The results of a study conducted by the city’s Wellness Committee earlier this month show 40 percent of McDonough employees who completed a confidential survey smoke or chew tobacco.
Carla Tuck, McDonough human resources officer, disclosed the results last week at a city council meeting.
She said the results were “unfortunately high.”
Although the results of the survey were higher than expected, Tuck said employees, “indicate[d] that if we put programs in place they would be interested.”
At the Aug 5 council meeting, council members said employees who smoke or chew tobacco can avoid a surcharge on their health insurance costs if they take advantage of smoking cessation programs by the end of the year.
City government employees are insured under Coventry Insurance who could charge more for their services due to the negative health effects linked to tobacco usage.
“The wellness committee will meet to discuss possible programs, but if we do not have a lot of employees participating in these programs, the committee will come back and request a surcharge starting January,” Tuck said.
Tuck also said once anti-smoking programs were put into place, the city will, “help employees financially by giving them a certain sum of money,” to pay for the expenses that come along with quitting tobacco.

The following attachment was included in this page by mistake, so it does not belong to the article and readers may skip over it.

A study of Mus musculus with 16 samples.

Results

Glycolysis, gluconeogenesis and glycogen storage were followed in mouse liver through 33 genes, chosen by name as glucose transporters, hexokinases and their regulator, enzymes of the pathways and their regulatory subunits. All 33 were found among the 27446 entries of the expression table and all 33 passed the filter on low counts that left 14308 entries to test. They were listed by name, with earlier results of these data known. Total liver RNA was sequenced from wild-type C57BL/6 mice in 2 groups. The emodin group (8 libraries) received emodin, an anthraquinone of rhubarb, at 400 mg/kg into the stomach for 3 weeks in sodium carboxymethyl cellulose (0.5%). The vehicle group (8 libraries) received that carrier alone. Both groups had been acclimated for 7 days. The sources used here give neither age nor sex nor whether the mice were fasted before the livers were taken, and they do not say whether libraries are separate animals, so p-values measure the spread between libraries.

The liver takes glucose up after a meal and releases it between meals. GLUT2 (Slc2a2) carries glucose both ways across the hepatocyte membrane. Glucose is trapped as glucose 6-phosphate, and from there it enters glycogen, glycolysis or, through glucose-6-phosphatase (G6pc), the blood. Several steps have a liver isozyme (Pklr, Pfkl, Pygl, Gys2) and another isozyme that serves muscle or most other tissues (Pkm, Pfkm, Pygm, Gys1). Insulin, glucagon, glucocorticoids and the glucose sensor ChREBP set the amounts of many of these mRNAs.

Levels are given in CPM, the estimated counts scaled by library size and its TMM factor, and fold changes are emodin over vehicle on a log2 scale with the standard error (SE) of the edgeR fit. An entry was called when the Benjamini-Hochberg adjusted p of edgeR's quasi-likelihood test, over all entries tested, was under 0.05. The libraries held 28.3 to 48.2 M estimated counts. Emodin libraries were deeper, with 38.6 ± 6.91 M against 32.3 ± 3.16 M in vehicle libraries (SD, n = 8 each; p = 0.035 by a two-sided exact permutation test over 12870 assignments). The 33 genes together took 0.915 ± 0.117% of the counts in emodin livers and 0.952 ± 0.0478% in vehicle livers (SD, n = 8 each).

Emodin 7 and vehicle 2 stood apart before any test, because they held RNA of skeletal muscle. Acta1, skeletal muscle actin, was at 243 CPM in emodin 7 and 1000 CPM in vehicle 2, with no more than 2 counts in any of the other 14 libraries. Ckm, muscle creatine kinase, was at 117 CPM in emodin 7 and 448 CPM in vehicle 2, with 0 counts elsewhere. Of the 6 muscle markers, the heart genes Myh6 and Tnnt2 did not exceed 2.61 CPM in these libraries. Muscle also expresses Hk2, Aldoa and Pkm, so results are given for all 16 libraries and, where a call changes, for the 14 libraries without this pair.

The exact dollar amount was not disclosed.
Tuck said the city wellness committee will meet next week to discuss in more detail what programs can be offered to employees.
Councilwoman Sandra Vincent suggested possible sponsorship from the American Cancer Society in the city’s quest to stop tobacco use.
“We need to saturate our employees with information about this topic with posters, e-mails and lunch-n-learn sessions,” she said.
Vincent also said steps should be taken to “pre-inform everyone that the reason why these services are being implemented is because we have been requested to consider a surcharge.”